From design to sharpening, A Modern Guide to Knifemaking covers every step in the knifemaking process. To begin, you will consider what you want your knife to accomplish, develop a design, and make a prototype. Zerra takes you through choosing and buying steel for your knife and then teaches you to build your own forge. You will learn forging basics and then move on to forge the shape of your knife and make the blade tip. From there, you will cut the blade profile, grind in bevels to make the edge of the knife, heat treat and temper your blade, grind and polish it, and make a handle and sheath for it. You will also learn sharpening techniques to maintain the edge of your new knife.
Throughout, Zerra has included Pro-Tips from some of the leading knifemakers working today including Ken Onion, Kaila Cumings, and Mike Jones.
A Modern Guide to Knifemaking covers every detail of knifemaking so you can make yourself the perfect knife.
From the Publisher
Chapter 1 . Tools of the Trade
Now that you’ve decided you want to be a knifemaker, it’s time to set up a work space and make sure you have the right tools. As you first start out, don’t be limited by the thought that you need to invest a ton of money to have the tools and a huge work space.
Chapter 2 . Designing a Knife
At its most basic definition, a knife is simply a cutting tool attached to a handle. And yet, there are thousands of different knives available on the market. How do you ever decide what the best kind of knife is? Knives are a very personal thing. We all have different tasks we need our blade to accomplish.
Chapter 3 . Understanding Steel
Steelmaking is one of the largest industries in the world today. Steel has countless uses in our daily lives, and there are many different kinds produced to meet these various needs. For the bladesmith, choosing an appropriate steel for a blade is just the first step.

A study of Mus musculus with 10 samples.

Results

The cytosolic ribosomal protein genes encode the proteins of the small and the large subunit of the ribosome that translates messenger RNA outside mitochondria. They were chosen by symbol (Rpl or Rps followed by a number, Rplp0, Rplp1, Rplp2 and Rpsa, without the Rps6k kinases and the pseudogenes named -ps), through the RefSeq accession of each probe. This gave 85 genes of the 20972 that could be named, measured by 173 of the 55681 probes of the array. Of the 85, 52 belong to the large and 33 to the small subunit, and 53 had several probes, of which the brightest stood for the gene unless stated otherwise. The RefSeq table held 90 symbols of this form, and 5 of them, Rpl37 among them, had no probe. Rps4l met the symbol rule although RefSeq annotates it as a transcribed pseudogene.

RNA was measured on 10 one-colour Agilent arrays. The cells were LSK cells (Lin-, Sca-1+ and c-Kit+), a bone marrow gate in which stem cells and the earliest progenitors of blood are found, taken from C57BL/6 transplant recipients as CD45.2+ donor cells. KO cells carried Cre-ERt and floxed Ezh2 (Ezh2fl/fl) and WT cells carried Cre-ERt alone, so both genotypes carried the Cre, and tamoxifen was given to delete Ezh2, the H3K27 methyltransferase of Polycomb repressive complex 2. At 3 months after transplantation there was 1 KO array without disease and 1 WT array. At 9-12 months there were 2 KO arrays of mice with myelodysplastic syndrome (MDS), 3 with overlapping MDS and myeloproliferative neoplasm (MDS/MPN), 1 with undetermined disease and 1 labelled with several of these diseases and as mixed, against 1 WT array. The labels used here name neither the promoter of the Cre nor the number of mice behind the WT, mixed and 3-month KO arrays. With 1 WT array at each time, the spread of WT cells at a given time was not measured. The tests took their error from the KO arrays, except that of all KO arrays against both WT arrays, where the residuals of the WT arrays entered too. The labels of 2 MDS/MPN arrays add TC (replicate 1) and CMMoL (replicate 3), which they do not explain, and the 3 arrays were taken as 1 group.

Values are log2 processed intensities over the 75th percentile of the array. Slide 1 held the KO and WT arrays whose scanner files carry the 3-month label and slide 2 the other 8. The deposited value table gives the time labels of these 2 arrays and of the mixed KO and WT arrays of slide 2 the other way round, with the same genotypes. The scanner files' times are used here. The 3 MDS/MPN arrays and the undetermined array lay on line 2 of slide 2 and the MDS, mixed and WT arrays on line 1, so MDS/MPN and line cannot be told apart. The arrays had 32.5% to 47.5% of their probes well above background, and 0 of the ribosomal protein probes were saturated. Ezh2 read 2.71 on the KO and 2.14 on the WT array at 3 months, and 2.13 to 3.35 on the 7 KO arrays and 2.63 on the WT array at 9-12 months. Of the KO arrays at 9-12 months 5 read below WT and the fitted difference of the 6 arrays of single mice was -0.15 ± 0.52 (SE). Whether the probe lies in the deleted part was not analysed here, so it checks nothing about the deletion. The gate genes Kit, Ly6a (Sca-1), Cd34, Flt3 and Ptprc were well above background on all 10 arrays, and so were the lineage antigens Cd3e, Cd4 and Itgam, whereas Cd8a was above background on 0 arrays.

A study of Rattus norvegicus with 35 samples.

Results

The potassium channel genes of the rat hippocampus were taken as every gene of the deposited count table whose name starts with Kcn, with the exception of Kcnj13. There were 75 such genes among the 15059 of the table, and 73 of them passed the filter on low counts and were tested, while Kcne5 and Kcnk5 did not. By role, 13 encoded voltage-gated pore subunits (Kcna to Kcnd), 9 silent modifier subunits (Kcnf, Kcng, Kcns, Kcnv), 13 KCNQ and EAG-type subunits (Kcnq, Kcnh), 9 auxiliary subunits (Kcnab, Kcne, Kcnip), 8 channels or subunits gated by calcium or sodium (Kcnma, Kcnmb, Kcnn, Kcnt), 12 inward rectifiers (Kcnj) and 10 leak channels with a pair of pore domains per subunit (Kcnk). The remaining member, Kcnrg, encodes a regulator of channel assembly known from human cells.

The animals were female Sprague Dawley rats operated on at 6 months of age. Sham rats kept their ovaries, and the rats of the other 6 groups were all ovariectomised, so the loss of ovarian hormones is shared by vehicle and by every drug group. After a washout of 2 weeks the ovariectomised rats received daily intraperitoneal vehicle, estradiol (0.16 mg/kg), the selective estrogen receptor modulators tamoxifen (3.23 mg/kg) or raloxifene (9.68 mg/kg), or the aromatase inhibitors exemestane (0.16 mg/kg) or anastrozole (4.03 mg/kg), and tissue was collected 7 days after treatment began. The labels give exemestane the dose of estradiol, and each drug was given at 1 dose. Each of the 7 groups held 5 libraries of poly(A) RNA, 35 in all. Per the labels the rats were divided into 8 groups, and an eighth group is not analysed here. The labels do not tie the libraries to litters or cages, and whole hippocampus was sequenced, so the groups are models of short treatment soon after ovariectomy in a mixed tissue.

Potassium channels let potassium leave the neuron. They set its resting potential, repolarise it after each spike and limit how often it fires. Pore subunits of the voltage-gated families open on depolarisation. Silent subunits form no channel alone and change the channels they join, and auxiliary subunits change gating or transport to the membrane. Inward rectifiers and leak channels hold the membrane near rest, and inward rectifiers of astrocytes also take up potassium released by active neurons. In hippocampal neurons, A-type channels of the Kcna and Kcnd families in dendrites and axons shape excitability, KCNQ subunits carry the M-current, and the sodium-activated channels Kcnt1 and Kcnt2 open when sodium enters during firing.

Chapter 4 . Blacksmithing
Before modern-day grinders and power cutting tools, all metal knives were made through the art of blacksmithing. The local ‘smithy’. as blacksmith shops are known, was at one point an integral part of every town. Today, most people have never set foot inside a blacksmith shop, but the prevalence of the surname Smith is a relic of how common this trade used to be.
Chapter 5 . Grinding
Now that your blacksmithing is done, it’s time to start grinding. After the profile of your knife is refined, you’ll be systematically removing material to create bevels. These bevels will form an angle that makes the cutting edge of your blade. This is the defining moment in which you really turn your piece of steel into a knife.
Chapter 6 . Heat Treating and Finishing
It’s impossible to simply look at a blade and determine if it’s been heat-treated properly. Through use, however, the contrast of a blade that has undergone the process and one that hasn’t becomes obvious.
Chapter 7 . Making a Handle
Now that the majority of the metalwork is done, it’s time to switch mediums. There are countless options for the combination of materials that can be used to build a knife’s handle, and each will create a different look. The handle aesthetic is a defining part of any knife. The materials you choose will help to create the unique character of your knife.
Chapter 8 . Making a Sheath
No fixed blade is complete without a proper sheath. A sheath will prevent your knife from accidentally cutting or stabbing you or another object when it’s not in use. It will also protect the edge from damage, and cushion the knife from any impact that could occur from a fall.
Chapter 9 . Sharpening and Knife Care
Sharpening the edge of your blade is the last step in making your knife. Like most things in knife making, every maker has their preferred method for sharpening. In my opinion, one of the best method for sharpening is one that leaves you with a useful knife. A knife is only as good as how well it performs its function, and there are very few knives that were designed to be dull.